Jewish Cooking Traditions Reinvented
Lunch & Learn


Jewish Cooking Traditions Reinvented

After a long hiatus, we were excited to finally be able to host our long-awaited Jewish cooking class with Lisa Goldberg from Monday Morning Cooking Club (MMCC)! MMCC is the sisterhood from Sydney’s Jewish community and, through their project, they collect, test, curate, share, and preserve treasured recipes from the older generation for us, and from our generation for the future. The day was full of stories, hearty fare, and lots of laughter – and we were lucky to have our photographer and friend Phil there to capture all the magic!

A highlight of the day was definitely learning to make the braised pickled brisket. Jews living in Eastern Europe rarely had the money to buy pricey cuts of meat, and learned to make do with cheaper kosher cuts, like brisket, commonly overlooked for its toughness. When Jewish immigrants moved to the United States, they brought their love of brisket with them, and started pickling the meat to make corned beef, a delicious discovery especially when partnered with a couple of slices of rye bread. Lisa showed us how delicious pickled brisket could be when roasted with sliced onions and honey, basting frequently until the onions caramelize and turn golden. The final dish was glazed, sticky, and completely decadent.

Another dish – taken from two Jewish classics, smoked salmon (lox) and pastrami, is salmon pastrami. Fresh salmon is coated in salt, sugar, and spices. After a day or two in the refrigerator, the fish is cured. It is then coated in ground ‘pastrami’ spices. The salmon pastrami is sliced to serve, perfect in a sandwich or bagel!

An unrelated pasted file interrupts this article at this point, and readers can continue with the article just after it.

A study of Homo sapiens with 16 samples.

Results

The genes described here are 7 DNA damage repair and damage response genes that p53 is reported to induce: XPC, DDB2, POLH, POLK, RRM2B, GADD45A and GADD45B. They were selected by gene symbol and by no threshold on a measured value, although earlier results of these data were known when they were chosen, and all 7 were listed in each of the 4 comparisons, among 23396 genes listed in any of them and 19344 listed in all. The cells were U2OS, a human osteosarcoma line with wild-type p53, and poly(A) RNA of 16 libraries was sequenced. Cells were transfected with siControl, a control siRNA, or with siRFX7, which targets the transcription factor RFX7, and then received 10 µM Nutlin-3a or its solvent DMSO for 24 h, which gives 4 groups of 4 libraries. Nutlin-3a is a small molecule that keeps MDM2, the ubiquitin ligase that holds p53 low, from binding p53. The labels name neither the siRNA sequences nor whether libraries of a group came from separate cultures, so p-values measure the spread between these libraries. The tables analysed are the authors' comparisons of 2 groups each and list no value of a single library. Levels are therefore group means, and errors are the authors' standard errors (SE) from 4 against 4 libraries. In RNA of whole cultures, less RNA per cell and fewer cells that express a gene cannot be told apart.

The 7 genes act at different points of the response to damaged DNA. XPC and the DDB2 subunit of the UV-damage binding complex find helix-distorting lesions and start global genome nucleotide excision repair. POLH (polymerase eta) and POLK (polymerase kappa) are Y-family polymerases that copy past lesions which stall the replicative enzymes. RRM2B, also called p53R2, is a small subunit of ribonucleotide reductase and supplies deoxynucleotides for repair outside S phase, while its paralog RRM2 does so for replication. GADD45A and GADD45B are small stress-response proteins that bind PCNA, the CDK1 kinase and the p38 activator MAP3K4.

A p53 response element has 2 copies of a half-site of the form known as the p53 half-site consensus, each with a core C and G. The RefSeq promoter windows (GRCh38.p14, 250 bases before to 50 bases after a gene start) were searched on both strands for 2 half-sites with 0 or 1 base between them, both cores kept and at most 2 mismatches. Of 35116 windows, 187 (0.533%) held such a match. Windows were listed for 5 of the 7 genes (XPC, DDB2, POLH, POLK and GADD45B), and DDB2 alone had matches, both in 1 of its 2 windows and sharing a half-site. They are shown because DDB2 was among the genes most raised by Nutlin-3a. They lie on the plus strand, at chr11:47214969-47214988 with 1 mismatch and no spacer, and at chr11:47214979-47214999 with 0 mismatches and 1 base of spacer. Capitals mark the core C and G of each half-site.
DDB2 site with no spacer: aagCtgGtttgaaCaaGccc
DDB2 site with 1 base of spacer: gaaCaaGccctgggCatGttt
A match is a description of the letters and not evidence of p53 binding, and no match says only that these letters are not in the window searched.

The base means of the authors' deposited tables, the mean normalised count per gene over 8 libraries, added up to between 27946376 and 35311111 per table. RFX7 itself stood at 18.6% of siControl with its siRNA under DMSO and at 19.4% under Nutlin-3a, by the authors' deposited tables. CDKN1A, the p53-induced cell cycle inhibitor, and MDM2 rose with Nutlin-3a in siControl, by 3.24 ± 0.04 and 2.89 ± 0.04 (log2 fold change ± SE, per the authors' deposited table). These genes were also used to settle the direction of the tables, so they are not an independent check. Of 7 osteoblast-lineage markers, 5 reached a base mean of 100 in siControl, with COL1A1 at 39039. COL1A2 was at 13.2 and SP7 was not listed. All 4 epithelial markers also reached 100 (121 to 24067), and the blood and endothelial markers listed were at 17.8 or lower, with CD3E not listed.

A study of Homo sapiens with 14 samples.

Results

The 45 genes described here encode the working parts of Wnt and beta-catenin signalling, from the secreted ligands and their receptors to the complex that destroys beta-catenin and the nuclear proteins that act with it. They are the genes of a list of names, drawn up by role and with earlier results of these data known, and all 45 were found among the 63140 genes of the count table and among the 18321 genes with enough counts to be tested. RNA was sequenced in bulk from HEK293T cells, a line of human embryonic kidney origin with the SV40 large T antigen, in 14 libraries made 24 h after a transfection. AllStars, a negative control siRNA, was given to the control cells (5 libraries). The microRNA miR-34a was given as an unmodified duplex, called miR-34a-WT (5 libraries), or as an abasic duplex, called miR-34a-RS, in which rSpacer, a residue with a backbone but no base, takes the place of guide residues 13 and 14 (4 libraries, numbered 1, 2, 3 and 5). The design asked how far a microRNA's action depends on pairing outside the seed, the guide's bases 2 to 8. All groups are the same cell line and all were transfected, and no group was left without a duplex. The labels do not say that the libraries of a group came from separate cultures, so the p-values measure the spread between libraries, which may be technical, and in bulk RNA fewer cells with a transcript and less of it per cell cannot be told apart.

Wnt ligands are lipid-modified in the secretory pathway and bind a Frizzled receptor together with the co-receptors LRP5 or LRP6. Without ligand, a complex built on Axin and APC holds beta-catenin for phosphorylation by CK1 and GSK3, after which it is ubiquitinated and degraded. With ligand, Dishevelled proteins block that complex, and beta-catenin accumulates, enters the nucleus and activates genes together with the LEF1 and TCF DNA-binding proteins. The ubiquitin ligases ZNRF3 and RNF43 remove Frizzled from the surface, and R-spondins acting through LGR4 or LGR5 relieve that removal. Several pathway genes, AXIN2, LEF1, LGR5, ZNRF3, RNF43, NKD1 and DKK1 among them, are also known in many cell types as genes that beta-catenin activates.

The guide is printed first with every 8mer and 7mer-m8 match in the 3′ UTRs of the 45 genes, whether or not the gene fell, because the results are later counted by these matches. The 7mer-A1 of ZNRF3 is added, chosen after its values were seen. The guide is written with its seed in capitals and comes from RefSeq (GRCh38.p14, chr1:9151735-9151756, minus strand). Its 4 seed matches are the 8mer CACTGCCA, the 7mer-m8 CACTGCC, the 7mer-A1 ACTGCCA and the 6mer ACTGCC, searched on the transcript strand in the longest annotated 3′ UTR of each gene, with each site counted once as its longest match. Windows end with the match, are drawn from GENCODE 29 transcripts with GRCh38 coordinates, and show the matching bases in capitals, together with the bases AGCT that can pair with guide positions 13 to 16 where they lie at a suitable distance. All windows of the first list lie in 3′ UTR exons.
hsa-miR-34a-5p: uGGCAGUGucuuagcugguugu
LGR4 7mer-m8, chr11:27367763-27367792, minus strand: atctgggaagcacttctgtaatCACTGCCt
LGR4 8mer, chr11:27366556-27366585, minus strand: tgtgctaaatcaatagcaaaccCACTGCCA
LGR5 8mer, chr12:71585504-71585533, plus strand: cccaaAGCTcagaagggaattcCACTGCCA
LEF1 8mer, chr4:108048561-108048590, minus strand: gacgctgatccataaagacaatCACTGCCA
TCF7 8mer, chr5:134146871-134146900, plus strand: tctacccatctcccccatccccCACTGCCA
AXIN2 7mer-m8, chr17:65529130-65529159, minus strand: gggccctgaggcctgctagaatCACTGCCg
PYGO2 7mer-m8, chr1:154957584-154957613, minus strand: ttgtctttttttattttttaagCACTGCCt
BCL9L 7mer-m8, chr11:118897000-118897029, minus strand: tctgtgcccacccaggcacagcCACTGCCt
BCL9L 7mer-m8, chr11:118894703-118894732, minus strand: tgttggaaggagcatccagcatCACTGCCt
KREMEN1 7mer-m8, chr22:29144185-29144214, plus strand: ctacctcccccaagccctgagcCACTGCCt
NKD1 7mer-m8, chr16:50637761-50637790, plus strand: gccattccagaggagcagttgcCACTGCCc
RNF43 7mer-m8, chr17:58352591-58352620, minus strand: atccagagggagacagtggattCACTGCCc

For the hands-on component of the class, everyone was encouraged to get their hands busy shaping challah. The braided egg-rich bread is the Jewish Sabbath-and-holiday bread, which is surrounded by folklore and tradition, and full of symbolism. On festive occasions, a blessing is said over two loaves, symbolizing the two portions of the manna that was distributed to the children of Israel during their Exodus from Egypt. The sesame seeds sprinkled on the bread also symbolize the manna that fell from heaven.

Challah is made in various sizes and shapes, all of which have a meaning. Braided ones, which may have three, four, or six strands, are the most common, because they look like arms intertwined and symbolize love. Round loaves, where there is no beginning or end, symbolize continuity.

As a sweet finish to the meal, Lisa showed us how to make a lattice-topped ricotta cheesecake and maamoul, a traditional Middle Eastern shortbread cookie stuffed with dates, nuts, and cinnamon. They were all delicious and we were so lucky to have Lisa Goldberg at the Longhouse.